Speaking Greek

Question: 

When Jesus spoke with Pontius Pilate, what language did he use: Greek, Aramaic or Latin? Could Pilate speak Aramaic or Greek?

Answer: 

Jesus and Pilate spoke in Greek. What was spoken was not “proper” Greek, as Josephus described it, but the local version, which included a few Aramaic words. Almost all Christ’s conversations in the NT were in Greek. The few exceptions are noticeable because often the Aramaic is quoted and then translated into Greek for the reader, who was assumed to speak Greek.

Greek was the common language of the times, spoken through all of the eastern and southern parts of the Roman empire. All educated Romans were expected to know and speak Greek as well as Latin.

Jesus also spoke the local Aramaic, but the simplest argument for Jesus having taught in Greek is the occurrence of untranslated Aramaic word and phrases in the Greek of the Gospels. Many of these words are not translated in English versions of the Bible either. They can appear as single words such as "mammon", or as complete phrases such as "Talitha cumi" or "Eli, Eli, lama sabachthani?". In the latter two cases, not only to the untranslated Aramaic phrases appear, but they are followed by a translation in the Greek of the Gospels.

The local Greek included a few Aramaic words. One of Christ's catchphrases, translated in the KJV as "verily I say to you," contains an Aramaic word, "amen", which is translated into "verily". Of course, we are now familiar with this word because it has made its way into the English language for a special purpose, the ending of a prayer. There is a Greek word that has a very similar meaning, men, that also means "truly." Why not use it? Because Christ didn't speak proper Greek. He mixing a little Aramaic with the Greek. However, I don’t see any such words spoken to Pilate, a Roman who may or may not have understood them.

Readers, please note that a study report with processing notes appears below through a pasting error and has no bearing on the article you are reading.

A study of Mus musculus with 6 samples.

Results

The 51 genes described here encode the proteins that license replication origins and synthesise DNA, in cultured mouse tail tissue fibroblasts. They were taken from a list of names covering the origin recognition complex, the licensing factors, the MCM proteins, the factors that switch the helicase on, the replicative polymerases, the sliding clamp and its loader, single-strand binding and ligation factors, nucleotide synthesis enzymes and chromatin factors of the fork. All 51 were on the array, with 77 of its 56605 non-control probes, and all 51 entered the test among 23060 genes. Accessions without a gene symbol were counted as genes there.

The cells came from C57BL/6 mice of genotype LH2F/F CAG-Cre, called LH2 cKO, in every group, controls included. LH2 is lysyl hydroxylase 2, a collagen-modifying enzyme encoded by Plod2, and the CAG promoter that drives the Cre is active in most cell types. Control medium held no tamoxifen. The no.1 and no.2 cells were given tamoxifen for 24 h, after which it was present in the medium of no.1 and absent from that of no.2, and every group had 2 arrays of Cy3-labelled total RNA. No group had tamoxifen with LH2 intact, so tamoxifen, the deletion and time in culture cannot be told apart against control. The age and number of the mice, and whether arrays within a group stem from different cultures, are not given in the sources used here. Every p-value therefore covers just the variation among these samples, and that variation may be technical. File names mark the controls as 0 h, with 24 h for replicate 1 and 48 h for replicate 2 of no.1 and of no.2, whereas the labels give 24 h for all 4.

Many scholars today claim that Jesus spoke Aramaic and the Greek of the Gospels was a translation from Aramaic. These claims appear to be made largely for political reasons. The scholars involved are usually Jewish or Muslim, both of which speak Aramaic languages. If the Bible was a translation from Aramaic, why not translate the words and phrases above? How would the supposed Aramaic translator pick which Aramaic words not to translate? It makes no sense.

Aramaic also makes no sense because Jesus’s words in the Gospels include many, many plays on words and even rhymes that only work in Greek. The translator would have had to add all of this as part of the translation. This again makes no sense.

For a lot more on this topic, you may want to read this article about the evidence that Jesus spoke Greek.